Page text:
SEA Currents: Feb 2016


February 19, 2016

I’m Swimming In Data!

Martin Green, Carleton College

Colonization to Conservation in the Caribbean

The day began with a personal lesson in accuracy. While conducting my morning rounds to wake up the next watch so that they can eat breakfast before their shift (which I did do at the right time!), I was telling them the meal was ready twenty minutes earlier than it really was. Upon realizing my mistake, I had to go back below deck to correct my mistake, which brought down simultaneously sleepy and annoyed glares throughout the ship. But hey, now I will never forget that breakfast is always at 0620.


February 18, 2016

The First Full Day on the Bobby C

Alex Salesin, C watch, University of Virginia

The Global Ocean: New Zealand

Hello! We’re having a fantastic time getting settled here on the ship. Our second to last member joined us today after a delayed flight and we will be excited to see our last crew member board this evening. We started the day with a chipper triangle instrument calling us to breakfast and sat down to our first family style morning meal. Then the crew attempted to fill our heads with even more information as we learned the basics of line handling.


February 18, 2016

The Basics of a Salty Caribbean Sailor

Riley Mehring, Whitman College

Colonization to Conservation in the Caribbean

Yesterday was our first day on the open sea as we made our transit from Gallows Bay, St. Croix to our current mooring at Francis Bay, St. John, in the U.S. Virgin Islands. While I would like to say it was a 100% delightful crossing, I spent a significant portion with my head stuck over the railing so as not to vomit on our beautiful ship. I am told by the crew that keeping your eyes on the horizon will help with the sea sickness and despite my regurgitation of breakfast, I am thankful for the view.


February 18, 2016

BU Today Features Recent Transatlantic Voyage

SEA Semester

SEA Semester® in the News:
“Studying Out on the Open Ocean”
By Amy Laskowski | Feb. 18, 2016

Siya Qiu didn’t know the difference between a jib and a bowsprit when she decided to spend a semester studying aboard the research vessel SSV Corwith Cramer. But after a six-week voyage that took her from Spain’s Canary Islands to St. Croix in the Caribbean, Qiu (CAS’17), a marine science major, soon became well versed on what it’s like to live at sea.  Read the full story.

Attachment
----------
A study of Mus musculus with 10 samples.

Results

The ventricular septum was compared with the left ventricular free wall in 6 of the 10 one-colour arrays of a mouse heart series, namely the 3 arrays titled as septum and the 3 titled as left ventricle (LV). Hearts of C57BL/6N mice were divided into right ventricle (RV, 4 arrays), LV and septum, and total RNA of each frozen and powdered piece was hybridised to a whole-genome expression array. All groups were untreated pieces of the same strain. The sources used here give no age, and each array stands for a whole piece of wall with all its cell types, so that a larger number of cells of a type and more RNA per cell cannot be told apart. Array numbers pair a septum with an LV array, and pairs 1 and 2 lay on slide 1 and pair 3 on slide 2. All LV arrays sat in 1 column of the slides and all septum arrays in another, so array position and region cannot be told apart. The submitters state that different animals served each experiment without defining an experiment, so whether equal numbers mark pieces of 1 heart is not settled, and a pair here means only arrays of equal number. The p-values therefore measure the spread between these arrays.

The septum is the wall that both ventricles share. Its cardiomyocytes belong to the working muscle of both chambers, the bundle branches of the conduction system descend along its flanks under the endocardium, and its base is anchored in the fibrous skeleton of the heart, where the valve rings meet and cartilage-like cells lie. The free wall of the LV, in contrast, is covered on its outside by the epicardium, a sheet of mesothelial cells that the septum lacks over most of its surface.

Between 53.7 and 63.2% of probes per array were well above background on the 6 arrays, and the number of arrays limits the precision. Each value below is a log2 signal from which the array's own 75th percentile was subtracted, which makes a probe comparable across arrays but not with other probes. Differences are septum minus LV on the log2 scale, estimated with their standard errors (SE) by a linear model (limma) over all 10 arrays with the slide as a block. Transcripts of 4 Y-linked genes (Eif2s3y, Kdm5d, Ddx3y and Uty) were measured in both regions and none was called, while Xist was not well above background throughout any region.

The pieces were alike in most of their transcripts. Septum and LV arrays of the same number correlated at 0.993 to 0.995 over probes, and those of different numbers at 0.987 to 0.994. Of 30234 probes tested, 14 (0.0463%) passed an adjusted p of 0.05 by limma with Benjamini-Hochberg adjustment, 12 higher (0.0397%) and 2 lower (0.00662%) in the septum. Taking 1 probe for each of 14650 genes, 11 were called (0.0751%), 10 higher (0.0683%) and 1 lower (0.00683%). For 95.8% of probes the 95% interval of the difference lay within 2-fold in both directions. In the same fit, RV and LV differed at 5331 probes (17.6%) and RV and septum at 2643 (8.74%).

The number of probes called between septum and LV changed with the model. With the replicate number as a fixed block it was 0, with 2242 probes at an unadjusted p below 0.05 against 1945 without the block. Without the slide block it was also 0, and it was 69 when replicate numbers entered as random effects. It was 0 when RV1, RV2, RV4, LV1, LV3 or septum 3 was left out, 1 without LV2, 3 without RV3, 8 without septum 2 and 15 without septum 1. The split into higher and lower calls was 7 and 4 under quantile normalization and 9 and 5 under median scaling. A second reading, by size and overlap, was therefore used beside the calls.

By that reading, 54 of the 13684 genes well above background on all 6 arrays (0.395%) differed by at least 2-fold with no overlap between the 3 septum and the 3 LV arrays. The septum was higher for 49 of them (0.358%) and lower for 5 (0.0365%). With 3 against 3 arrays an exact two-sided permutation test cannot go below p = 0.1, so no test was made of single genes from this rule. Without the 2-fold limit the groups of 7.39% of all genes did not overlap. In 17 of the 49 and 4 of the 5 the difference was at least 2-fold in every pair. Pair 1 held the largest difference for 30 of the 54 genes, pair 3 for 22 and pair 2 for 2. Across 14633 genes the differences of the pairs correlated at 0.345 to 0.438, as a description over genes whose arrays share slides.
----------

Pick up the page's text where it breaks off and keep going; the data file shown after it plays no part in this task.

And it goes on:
February 17, 2016

Kia ora, Aotearoa

Jeff Wescott, Assistant Professor of Anthropology, Sea Education Association

The Global Ocean: New Zealand

Today begins the sea component for the class, crew, and faculty of Global Oceans New Zealand S-264. One advantage of an early ship arrival for a faculty member is the opportunity to see the incredible work of the oncoming and off-going crews in preparing the ship for the next voyage. I have been here on the ship for three days, constantly impressed by the collective knowledge and skill exhibited in every dimension of ship maintenance.


February 17, 2016

SSV Corwith Cramer departure from St Croix

Jeffrey M. Schell, Chief Scientist

Colonization to Conservation in the Caribbean

It is with mixed emotions that we depart from Christiansted, St Croix for the open-ocean and distant ports of call.  There is an undeniable sense of adventure – braving the winds, weather, and waves; travel to places new and unfamiliar!  Yet, there is also a hint of trepidation and sadness as we say goodbye, for now, to family and friends, to the comforts onshore and familiar routines.  Though all onshore will be missed we are heartened in knowing we join a new family of shipmates onboard Mama Cramer.


February 16, 2016

Day 1: Orientation and Field Trips

Craig Marin, Maritime Studies Faculty

Colonization to Conservation in the Caribbean

Today was our first full day of programming, and it was a busy one. The day started with more orientation to life aboard followed rather quickly by a field trip to a local snorkeling site, Cane Bay, where students conducted their first reef survey of Colonization to Conservation in the Caribbean program sea component. Under the direct supervision of faculty and staff, students set out to locate and tally marine life in and around the coral reef. It was a successful snorkel by all accounts, and we now have a base set of data for comparison with upcoming port stop surveys.


February 15, 2016

S-264, The Global Ocean: New Zealand

The Global Ocean: New Zealand

The students of S-264, The Global Ocean: New Zealand, will join the SSV Robert C. Seamans in Auckland, New Zealand, by February 17th. They will end their voyage around March 26th, in Christchurch, New Zealand, with planned port stops in Bay of Islands, Russell, Wellington and Dunedin.


February 15, 2016

C-264: Sea component begins

Chris Nolan, Captain

Colonization to Conservation in the Caribbean

Hello from the Sailing School Vessel Corwith Cramer and the ship’s company of trip C-264. All is well aboard and the student crew had a great day learning the ropes, taking part in safety drills and getting acquainted with their new home. We will get underway Wednesday for a short sail to St. John.


February 12, 2016

C-264, Colonization to Conservation in the Caribbean

Colonization to Conservation in the Caribbean

The students of C-264, Colonization to Conservation in the Caribbean, will join the SSV Corwith Cramer in St. Croix by Monday, February 15th. They end their voyage in Boca Chica, Dominican Republic, around March 25th, with planned port stops of St. John, San Juan, Samana, Santiago de Cuba, and Port Antonio.